BY LIA JILL LEVITT
“I never knew of a morning in Africa when I woke up and was not happy.”
— Ernest Hemingway
Even as an anti-morning person, I agree completely with Hemingway. Wake-up call for game drives, which many Americans refer to as safaris, is at 5 AM. For someone who was routinely two hours late to the corporate work day, I was completely out of my comfort zone. We were advised to dress in khaki, beige, or tan and bring comfortable shoes, none of which I owned. I remarked to one of my travel buddies that I was surprised how cushy the ground was in Victoria Falls, Zimbabwe, and she laughed and shook her head, reminding me it was actually the fact I wasn’t actually the fact I wasn’t wearing pointy high heels.
The crew continually pushes me out of my comfort zone while providing a level of reassurance and security. Our group is akin to a family that shares laughs, idiosyncratic behaviors, and inside jokes.
“Don’t worry if you get sick,” one group member joked. “Between all of us we have more medication than a pharmacy!” We chided each other daily to take our malaria pills and rubbed each other’s backs with mosquito spray. In the evenings, the phenomenal South African wine and the tapestry of our lives both poured out endlessly.
Those who know me aren’t the least bit surprised I choose to vacation annually with a group of grandmothers, knowing how close I was to my own. I contend that grandmothers, particularly the black pants crew, make the best travel buddies for a multitude of reasons. They have the time and money to truly enjoy life, and like me, they are thrilled to stop often for a bathroom break.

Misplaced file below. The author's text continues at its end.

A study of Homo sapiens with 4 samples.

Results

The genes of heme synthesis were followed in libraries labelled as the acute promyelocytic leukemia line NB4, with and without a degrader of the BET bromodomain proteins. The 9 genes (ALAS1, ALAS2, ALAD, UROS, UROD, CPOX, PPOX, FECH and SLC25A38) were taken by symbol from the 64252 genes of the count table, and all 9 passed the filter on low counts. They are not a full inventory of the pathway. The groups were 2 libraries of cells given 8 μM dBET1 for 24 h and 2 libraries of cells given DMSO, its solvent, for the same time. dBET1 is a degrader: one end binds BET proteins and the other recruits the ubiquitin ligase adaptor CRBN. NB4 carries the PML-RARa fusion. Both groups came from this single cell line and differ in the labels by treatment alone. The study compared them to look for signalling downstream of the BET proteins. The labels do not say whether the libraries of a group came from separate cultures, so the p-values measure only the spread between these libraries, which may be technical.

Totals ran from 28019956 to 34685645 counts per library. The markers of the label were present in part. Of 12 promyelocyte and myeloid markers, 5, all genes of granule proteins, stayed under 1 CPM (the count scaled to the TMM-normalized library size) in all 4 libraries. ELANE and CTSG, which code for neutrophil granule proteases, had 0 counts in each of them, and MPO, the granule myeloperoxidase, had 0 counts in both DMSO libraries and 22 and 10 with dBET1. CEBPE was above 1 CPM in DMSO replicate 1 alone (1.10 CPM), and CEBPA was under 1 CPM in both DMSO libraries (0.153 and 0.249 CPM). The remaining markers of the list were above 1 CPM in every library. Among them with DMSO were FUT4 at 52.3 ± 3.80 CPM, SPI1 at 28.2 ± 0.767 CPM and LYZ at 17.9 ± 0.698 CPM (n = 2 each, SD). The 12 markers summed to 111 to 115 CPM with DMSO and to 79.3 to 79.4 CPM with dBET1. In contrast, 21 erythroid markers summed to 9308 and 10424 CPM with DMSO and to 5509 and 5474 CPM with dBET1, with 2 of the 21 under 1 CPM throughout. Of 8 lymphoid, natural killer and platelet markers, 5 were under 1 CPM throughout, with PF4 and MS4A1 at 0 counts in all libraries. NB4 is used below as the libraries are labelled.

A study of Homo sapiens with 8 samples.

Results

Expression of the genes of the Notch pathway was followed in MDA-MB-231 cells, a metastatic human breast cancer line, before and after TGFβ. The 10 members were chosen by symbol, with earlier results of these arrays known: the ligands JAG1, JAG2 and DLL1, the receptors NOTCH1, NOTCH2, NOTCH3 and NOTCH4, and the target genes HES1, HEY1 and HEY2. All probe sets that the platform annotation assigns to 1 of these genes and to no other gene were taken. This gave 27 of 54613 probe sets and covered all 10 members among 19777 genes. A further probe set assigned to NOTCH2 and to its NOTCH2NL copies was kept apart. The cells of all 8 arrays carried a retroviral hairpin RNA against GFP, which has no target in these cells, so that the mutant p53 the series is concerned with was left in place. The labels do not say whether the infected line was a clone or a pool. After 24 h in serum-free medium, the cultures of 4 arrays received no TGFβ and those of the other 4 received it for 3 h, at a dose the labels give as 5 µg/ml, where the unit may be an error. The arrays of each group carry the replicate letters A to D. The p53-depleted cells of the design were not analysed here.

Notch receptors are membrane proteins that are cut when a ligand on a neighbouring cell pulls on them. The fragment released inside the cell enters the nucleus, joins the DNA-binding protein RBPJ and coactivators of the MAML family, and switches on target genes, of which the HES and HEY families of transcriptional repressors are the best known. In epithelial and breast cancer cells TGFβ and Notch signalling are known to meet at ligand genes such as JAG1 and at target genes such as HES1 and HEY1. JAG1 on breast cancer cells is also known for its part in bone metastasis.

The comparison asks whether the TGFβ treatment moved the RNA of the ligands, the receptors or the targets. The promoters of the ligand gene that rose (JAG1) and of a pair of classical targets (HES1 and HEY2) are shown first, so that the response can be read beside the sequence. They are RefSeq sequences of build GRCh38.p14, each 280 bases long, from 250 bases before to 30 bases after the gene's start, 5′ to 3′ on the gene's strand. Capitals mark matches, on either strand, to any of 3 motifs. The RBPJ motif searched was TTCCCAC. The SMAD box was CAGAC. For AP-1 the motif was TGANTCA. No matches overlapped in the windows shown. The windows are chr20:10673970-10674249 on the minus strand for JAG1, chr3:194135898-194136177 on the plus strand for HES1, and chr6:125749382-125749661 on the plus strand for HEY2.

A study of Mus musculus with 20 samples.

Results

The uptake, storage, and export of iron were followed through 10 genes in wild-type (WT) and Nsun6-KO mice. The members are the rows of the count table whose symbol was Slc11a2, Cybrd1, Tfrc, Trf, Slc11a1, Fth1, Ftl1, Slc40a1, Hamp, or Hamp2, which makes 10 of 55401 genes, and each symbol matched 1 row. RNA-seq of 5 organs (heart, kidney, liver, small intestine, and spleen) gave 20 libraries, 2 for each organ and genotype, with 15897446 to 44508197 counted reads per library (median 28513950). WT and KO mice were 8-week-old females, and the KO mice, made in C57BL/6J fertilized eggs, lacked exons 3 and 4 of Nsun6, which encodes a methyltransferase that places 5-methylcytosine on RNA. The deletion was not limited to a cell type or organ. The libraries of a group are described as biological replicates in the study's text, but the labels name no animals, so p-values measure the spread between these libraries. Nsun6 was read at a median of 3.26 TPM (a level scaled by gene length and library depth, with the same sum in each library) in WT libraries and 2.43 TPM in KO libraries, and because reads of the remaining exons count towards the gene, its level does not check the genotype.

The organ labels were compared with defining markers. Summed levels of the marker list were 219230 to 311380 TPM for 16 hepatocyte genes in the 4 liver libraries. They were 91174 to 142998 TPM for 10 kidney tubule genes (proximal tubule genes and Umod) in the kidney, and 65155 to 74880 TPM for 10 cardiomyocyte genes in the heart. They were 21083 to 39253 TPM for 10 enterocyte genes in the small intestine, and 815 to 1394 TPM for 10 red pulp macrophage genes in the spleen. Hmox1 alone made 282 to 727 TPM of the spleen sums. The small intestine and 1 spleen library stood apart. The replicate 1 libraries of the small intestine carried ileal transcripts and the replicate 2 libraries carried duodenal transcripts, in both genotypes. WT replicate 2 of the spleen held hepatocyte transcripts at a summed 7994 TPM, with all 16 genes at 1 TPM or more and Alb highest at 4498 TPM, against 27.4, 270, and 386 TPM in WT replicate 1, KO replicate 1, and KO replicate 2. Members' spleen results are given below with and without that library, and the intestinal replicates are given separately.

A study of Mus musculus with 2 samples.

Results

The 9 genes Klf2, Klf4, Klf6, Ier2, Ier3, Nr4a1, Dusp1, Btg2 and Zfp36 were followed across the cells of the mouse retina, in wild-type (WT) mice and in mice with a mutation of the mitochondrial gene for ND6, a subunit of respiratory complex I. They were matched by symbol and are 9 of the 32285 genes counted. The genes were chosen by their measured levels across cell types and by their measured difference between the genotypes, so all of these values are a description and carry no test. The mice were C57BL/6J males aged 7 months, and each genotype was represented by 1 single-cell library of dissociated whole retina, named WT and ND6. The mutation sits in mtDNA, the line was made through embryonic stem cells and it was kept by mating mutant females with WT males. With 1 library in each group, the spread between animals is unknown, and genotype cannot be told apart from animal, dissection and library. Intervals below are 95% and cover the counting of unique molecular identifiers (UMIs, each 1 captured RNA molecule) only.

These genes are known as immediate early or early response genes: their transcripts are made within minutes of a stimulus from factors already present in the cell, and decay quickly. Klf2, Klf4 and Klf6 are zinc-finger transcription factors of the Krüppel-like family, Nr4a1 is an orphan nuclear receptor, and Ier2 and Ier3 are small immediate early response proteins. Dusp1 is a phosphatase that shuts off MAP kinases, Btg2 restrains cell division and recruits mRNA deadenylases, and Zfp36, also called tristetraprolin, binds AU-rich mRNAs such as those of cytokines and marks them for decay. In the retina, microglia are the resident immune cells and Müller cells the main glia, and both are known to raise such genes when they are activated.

While my own contemporaries worried that I’d get eaten by a lion in the famous Kruger National Park (the oldest national park in South Africa), I was more concerned about having to pee before the bumpy three-hour Jeep ride ended. Though you remain seated, as the Jeep winds off road through the thorny bush, you experience a core workout reminiscent of the characters in a video game bobbing and weaving to avoid the villains.
“From watching the sun rise during our morning journey over a lake with splashing hippos to its majestic decrescendo crowning the elephants who walked in tandem with their babies, it is a sensory explosion of beauty.”
The vast reward for bladder discipline is the awe-striking ability to see animals–from lions to rhinos to the giraffes who welcomed us outside our hotel lobby–in their natural habitat. There is nothing like the African sun. From watching it rise during our morning journey over a lake with splashing hippos to its majestic decrescendo crowning the elephants who walked in tandem with their babies, it is a sensory explosion.
For more on travel to Africa:
Road Scholar (formerly Elderhostel) sponsors expert-guided learning adventures around the world, including birding safaris to four countries in Southern Africa:
The Women’s Travel Group offers tours geared for women traveling solo or with friends, including trips to Kenya, Madagascar and South Africa.
Animal photos courtesy of author
Featured image: Two approximately three-year-old lions standing guard in Thornybush National park
ABOUT THE AUTHOR – LIA JILL LEVITT
Lia Jill Levitt is a global citizen who left corporate America to pursue her dream of becoming an intellectually inspiring speaker for seniors. She hopes to publish the world’s first happy (and true) story about a nursing home, where her blind grandmother thrived and inspired Lia’s love for working with and writing for seniors. Learn more at aintshesweet.net.